Emerging Infectious Diseases Journal
Highlights: Emerging Infectious Diseases, Vol. 20, No. 1, (January 2014)
The articles of interest summarized below will appear in the January 2014 issue of Emerging Infectious Diseases, CDC’s monthly peer-reviewed public health journal. This issue will feature vaccine-preventable diseases. The articles are embargoed until December 11, 2013, at 12 p.m. EDT.
Note: Not all articles published in EID represent work done at CDC. In your stories, please clarify whether a study was conducted by CDC (“a CDC study”) or by another institution (“a study published by CDC”). The opinions expressed by authors contributing to EID do not necessarily reflect the opinions of CDC or the institutions with which the authors are affiliated.
Raw milk can be the source of many infectious diseases and foodborne illnesses. However, raw milk advocates tout raw milk for its purported health benefits and better taste, sometimes failing to acknowledge the associated health risks and conveying a false sense of safety. In the United States, 30 states permit sale of raw milk. A recent study in one such state, Minnesota, estimated that during the 10-year study period, 17% of those who consumed raw milk may have become ill, a higher percentage than previously recognized. This finding could be used to educate potential raw milk consumers and policy makers who might be asked to relax regulations regarding raw milk sales.
Trisha J. Robinson
Minnesota Department of Health
2. Salmonellosis and Meat Purchased at Live-Bird and Animal-Slaughter Markets, United States, 2007–2012, Maho Imanishi, et al.
Each year, approximately 1.2 million Americans get salmonellosis, a diarrheal disease often associated with consuming contaminated food. A study of salmonellosis outbreaks during 2007–2012 linked some of these cases to meat or poultry purchased from live animal and live bird markets. These markets are typically found in large cities and serve people of diverse ethnic, religious, and cultural backgrounds. Several factors increase risk of acquiring salmonellosis from live animal and live bird markets: varying food safety regulations, higher-risk cultural preferences (e.g., consuming raw or undercooked meat or animal parts more likely to be contaminated), and language and cultural barriers that can render existing food safety messages ineffective. Risk for salmonellosis among live animal and live bird market patrons might be reduced by increasing collaboration between human and animal health agencies and by tailoring educational messages for individual communities.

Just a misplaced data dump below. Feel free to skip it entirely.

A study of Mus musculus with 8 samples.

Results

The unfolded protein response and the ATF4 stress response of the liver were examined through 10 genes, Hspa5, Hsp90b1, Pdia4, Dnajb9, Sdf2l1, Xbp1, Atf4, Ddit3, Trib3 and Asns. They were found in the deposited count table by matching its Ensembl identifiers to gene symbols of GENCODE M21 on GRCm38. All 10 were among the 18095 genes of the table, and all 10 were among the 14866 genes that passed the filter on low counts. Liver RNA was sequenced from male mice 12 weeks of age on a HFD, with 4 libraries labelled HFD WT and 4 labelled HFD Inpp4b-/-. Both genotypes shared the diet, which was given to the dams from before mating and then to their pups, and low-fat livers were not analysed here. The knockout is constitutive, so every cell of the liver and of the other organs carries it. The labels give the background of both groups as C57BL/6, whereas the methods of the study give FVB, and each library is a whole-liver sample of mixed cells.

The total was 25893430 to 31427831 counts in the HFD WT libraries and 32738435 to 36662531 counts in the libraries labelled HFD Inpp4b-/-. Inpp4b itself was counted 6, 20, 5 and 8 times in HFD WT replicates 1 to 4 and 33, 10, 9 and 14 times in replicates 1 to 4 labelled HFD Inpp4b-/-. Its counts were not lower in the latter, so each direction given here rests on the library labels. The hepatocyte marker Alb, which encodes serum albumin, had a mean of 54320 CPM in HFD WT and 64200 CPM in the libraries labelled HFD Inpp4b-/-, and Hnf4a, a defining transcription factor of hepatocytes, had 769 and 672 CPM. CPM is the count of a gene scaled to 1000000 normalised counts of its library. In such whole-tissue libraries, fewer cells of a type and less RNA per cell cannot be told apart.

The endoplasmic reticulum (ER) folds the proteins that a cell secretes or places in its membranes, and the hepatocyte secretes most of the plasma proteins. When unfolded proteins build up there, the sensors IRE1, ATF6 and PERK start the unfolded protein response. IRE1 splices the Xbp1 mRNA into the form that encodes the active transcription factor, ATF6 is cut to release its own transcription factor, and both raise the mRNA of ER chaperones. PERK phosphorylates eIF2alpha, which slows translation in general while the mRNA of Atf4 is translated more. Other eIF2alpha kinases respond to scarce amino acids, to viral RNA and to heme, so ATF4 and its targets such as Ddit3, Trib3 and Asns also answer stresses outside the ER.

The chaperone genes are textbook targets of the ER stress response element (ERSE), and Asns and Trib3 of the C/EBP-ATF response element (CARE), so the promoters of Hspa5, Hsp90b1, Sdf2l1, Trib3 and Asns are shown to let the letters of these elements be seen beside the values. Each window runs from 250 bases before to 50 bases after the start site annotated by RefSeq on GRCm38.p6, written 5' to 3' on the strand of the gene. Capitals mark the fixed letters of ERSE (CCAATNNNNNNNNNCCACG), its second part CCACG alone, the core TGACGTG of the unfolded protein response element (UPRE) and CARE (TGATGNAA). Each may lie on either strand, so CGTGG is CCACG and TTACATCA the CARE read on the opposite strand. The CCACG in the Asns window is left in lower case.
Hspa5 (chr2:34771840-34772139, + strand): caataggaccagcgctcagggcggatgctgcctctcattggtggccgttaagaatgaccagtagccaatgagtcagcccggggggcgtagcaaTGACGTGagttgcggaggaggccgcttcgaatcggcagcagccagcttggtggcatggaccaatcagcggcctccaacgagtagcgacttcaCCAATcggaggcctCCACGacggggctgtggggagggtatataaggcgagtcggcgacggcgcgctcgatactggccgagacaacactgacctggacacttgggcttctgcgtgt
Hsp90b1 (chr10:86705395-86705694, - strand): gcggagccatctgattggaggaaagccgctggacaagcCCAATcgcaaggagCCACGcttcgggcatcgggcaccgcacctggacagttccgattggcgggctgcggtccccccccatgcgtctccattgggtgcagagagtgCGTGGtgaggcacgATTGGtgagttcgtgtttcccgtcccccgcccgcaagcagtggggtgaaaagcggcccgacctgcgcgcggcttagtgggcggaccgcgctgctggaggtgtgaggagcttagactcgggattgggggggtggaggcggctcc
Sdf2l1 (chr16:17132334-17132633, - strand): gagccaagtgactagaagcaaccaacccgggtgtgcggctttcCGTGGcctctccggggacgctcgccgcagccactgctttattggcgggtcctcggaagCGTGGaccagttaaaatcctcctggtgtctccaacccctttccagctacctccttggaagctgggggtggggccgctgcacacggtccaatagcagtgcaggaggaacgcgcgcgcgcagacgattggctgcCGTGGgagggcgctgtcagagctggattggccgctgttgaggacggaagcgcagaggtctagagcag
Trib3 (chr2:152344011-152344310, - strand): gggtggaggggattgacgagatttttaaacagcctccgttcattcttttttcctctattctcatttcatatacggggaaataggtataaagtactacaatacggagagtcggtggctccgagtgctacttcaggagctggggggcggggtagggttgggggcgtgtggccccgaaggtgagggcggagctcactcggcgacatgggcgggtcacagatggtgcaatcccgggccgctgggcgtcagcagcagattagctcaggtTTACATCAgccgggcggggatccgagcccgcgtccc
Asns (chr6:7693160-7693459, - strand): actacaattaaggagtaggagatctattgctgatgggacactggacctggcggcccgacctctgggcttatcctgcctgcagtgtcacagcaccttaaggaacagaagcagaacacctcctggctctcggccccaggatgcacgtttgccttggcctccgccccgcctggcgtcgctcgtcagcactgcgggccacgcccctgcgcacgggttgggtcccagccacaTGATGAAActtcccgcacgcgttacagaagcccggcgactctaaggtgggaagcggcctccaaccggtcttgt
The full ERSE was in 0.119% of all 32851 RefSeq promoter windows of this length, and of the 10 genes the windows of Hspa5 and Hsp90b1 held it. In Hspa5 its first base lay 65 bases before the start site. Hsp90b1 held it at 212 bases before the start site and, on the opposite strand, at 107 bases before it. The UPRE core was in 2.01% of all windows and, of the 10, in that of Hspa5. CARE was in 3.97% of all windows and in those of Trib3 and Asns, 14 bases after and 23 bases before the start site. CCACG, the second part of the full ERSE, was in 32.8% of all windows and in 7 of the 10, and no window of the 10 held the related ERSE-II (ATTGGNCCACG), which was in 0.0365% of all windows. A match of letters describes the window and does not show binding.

CDC Press Office
3. Detection of Infectivity in Blood of Persons with Variant and Sporadic Creutzfeldt-Jakob Disease, Jean Yves Douet, et al.
Creutzfeldt-Jakob disease (CJD) is a rare but fatal brain disease of humans. Over the past 60 years, this disease has developed in several hundred patients who had received tissue (mainly growth hormone or nervous tissue grafts) from infected cadaver donors. A variant form of CJD, primarily occurring in Europe, has been causally linked with bovine spongiform encephalopathy (commonly known as mad cow disease). Recent research, which used a relatively new type of highly sensitive laboratory mice, enabled researchers to measure infectivity in blood. They found infectivity in the red and white blood cells and plasma of a variant CJD patient and in the plasma of two of four sporadic CJD patients tested. These findings indicate the need to continue assessing the possible risk for CJD transmission via transfusion of blood products.